Another church shelled by Myanmar’s military

No casualties or injuries were reported in the June 6 attack on the church of Mary Queen of Peace. The structure has been damaged and its windows shattered.

By Robin Gomes

Yet another Catholic church has been shelled by the military in Myanmar.  Ironically, the church is dedicated to Mary Queen of Peace in Daw Ngan Kha in Kayah State. It came under fire on Sunday, but no casualties or injuries were reported as the parishioners sheltering inside sensed the attack and fled to their relatives or into the jungle.  However, the church walls were badly damaged and windows shattered. The attack appears to be deliberate since the church compound is fairly large and clearly visible on a busy street.  Several nearby houses were also damaged by the shelling.

Third church under attack in Kayah

Mary Queen of Peace church is reportedly the third church that has come under military attack in two weeks in Kayah. Sacred Heart Church in Kayanthayar village near Loikaw was hit by artillery shelling that killed four Catholics and wounded at least eight others on May 23 night. St. Joseph Church in Demoso town, one of the key areas of fighting, was hit by military artillery on May 26 night.  However, another reported military attack on Jeroblou Marian shrine in Pekhon near Loikaw in Kayah on June 6 could not be independently confirmed.

According to the Vatican’s Fides news agency, 75 percent of Kayah’s population belong to ethnic minority groups and is the state with the highest percentage of Christians.  There are over 90,000 Catholics, almost a third of the 355,000 inhabitants of the state.  Caritas, the Catholic Church’s social arm, is working with various partners and donors to help some 300,000 people displaced by indiscriminate violence.

Revival of ethnic conflicts

The impoverished south east Asian nation has been plunged into chaos since the Feb. 1 military coup that ousted the elected government and detained its leader, Aung San Suu Kyi.  Protests and strikes against the coup have paralyzed parts of the economy. 

Christians are a minority in the predominantly Buddhist country, accounting for 6.2 percent of its 54 million population. Myanmar Catholics represent about 1.5 percent of the population.

The crisis has also re-ignited Myanmar’s old conflicts between the military and some of the armed ethnic organizations.  Areas occupied by the Kachin, Chin, Karen and Kayah ethnic groups, who have been facing oppression and persecution at the hands of the military for decades, are largely Christian.  An estimated one-third of Myanmar’s territory – mostly the border regions – is currently controlled by 20-odd armed rebel outfits. The military has stepped up its offensive against ethnic guerrillas and anti-coup resistance groups by deploying fighter jets and heavy artillery.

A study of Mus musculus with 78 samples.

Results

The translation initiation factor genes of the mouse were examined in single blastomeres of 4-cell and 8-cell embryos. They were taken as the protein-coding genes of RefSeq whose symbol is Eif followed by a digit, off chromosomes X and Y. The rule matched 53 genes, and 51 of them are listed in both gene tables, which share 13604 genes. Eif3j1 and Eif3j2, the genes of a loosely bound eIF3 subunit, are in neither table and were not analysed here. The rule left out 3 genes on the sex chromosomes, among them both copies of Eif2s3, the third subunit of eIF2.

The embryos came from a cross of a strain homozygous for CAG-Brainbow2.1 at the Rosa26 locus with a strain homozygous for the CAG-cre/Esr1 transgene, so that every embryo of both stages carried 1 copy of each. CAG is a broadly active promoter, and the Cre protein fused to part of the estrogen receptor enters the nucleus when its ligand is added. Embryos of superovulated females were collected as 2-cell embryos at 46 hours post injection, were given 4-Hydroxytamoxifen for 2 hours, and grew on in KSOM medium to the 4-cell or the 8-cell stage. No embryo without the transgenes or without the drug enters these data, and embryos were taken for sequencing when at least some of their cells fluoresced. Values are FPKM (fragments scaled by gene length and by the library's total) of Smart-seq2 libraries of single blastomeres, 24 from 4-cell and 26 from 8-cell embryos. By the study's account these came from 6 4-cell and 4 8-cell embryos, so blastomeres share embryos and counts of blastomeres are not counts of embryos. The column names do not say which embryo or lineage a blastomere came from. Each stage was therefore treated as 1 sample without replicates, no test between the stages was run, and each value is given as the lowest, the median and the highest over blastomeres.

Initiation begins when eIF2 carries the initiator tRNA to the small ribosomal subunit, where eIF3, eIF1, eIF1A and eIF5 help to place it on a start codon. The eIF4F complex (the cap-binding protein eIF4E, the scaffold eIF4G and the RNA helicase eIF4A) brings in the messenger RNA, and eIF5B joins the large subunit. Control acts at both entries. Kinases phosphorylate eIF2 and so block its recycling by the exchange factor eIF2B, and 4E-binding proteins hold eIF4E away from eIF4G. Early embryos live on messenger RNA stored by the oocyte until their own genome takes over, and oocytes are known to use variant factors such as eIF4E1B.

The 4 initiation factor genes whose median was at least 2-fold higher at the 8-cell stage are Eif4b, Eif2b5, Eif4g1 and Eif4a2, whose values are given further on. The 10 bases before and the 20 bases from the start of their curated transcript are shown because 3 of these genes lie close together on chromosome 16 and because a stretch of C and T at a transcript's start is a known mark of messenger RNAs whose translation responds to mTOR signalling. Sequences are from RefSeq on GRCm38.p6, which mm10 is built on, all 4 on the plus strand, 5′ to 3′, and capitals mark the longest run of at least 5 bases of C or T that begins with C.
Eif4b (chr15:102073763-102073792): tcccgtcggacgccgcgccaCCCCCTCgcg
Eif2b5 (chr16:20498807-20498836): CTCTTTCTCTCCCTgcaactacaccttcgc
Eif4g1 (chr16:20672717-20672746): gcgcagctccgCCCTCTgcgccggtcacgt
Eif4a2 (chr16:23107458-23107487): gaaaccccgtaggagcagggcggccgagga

Displacement of civilians

More than 175,000 people have been displaced in Kachin, Karen, Chin, Kayah and Shan states since the coup, according to the Office of the United Nations High Commissioner for Refugees.  Many of the civilians caught in these conflicts have sought refuge in neighbouring countries, while a large number is displaced within, many of them seeking shelter in Church institutions, Buddhist monasteries and temples.  But even churches, that have been deemed safe for civilians, have not been spared by the military.

Sunday’s attack on Mary Queen of Peace took place despite an appeal by Cardinal Charles Bo of Yangon, the president of the Catholic Bishops’ Conference of Myanmar, who urged all parties in conflict to keep clear of places of worship in keeping with international protocols and conventions.

Myanmar’s military have not only targeted humanitarian organizations.  Some observers say the junta is trying to turn the conflict with the resistance movement into a religious war.

On Saturday, security forces killed at least 20 civilians in the Ayeyarwady region.  Residents of Hlayswe village armed with catapults and crossbows clashed with security forces searching for weapons, resulting in the heaviest death toll in the last past months.   

Intransigent junta

In its latest count as of Monday, the Assistance Association for Political Prisoners, which documents and compiles the casualties of the anti-coup protests, 857 people have been confirmed killed so far by the junta. 

The military junta has paid little heed to demands from the Association of Southeast Asian Nations (ASEAN) to respect a “consensus” agreed in late April to end violence and hold political talks with its opponents. Southeast Asian foreign ministers expressed disappointment at the meeting in China on Monday at the “very slow” progress made by Myanmar on its proposal for ending the turmoil.  

On Sunday, Pope Francis urged believers of various faiths to set aside a minute at 1:00 pm on Tuesday to pray for peace the Holy Land and Myanmar.  The peace initiative of the International Forum of Catholic Action (IFCA), received the support of  local Catholic Action organizations, the World Union of Catholic Women’s Organizations and other entities.